The bank posted a pre-tax loss of €1.255 billion (£988 million) for the six months to June, up from €556 million (£438 million) during the equivalent period in 2011.
Richie Boucher, the chief executive, expressed hope that the bank has now emerged from the worst of the crisis.
‘While the Irish economy remains challenged and our impairment charges remain elevated, we expect the impairment charges to reduce from this level, trending to a more normalised level as the Irish economy recovers. The pace of the reduction will be particularly dependent on the future performance of our Irish residential mortgage book and commercial property markets, as well as our own credit-management initiatives’.
One other initiative being undertaken by the troubled bank is large-scale cost cutting. It has already reduced its staff levels by nearly 500, bringing staff costs down by €4 million (£3.15 million).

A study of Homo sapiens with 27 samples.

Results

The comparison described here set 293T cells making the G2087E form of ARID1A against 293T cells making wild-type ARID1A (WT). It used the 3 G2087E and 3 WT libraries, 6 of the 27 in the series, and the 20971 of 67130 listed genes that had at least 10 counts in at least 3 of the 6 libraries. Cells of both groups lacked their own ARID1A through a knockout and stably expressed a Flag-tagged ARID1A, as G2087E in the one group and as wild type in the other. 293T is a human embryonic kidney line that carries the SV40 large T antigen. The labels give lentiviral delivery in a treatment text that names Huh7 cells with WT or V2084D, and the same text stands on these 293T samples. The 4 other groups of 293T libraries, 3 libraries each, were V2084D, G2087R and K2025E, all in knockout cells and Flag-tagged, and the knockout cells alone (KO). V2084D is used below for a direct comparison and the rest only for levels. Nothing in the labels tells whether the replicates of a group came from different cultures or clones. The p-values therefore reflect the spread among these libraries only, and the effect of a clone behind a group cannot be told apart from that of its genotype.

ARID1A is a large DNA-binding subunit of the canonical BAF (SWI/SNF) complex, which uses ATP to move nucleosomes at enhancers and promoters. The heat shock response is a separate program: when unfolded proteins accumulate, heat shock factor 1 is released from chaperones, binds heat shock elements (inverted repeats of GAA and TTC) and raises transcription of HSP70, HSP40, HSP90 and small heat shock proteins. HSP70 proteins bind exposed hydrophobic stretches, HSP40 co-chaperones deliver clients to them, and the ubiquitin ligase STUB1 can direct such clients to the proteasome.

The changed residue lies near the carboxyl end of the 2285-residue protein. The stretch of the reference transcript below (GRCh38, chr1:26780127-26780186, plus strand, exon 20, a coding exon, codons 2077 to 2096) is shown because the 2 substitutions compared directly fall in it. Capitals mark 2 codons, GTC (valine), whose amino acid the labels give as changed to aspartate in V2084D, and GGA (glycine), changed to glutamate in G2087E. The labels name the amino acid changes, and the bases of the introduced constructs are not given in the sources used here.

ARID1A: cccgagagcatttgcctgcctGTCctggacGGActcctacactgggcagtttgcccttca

But Boucher wants to go further. ‘As we restructure and reshape our group and further improve efficiencies, regrettably, the number of people we employ will reduce’.
The bank faces two challenges to its profitability: bad loans and low interest rates.
Bad loans cost the group €941 million (£741 million) in the first half, as 7 per cent of its Irish owner-occupier mortgages were three months or more in arrears at the end of June. The figure stood at 5.6 per cent in December 2011. Similarly, buy-to-let arrears crept up from 11 per cent to 14 per cent over the period.
Boucher noted too that ‘the very low level of official interest rates has adversely impacted on our earnings rates and therefore on income’. The bank has experienced a €14 billion reduction in its average interest-earning assets since January.
The bank’s share price fell 6 per cent, to €0.09 (7p), on the news.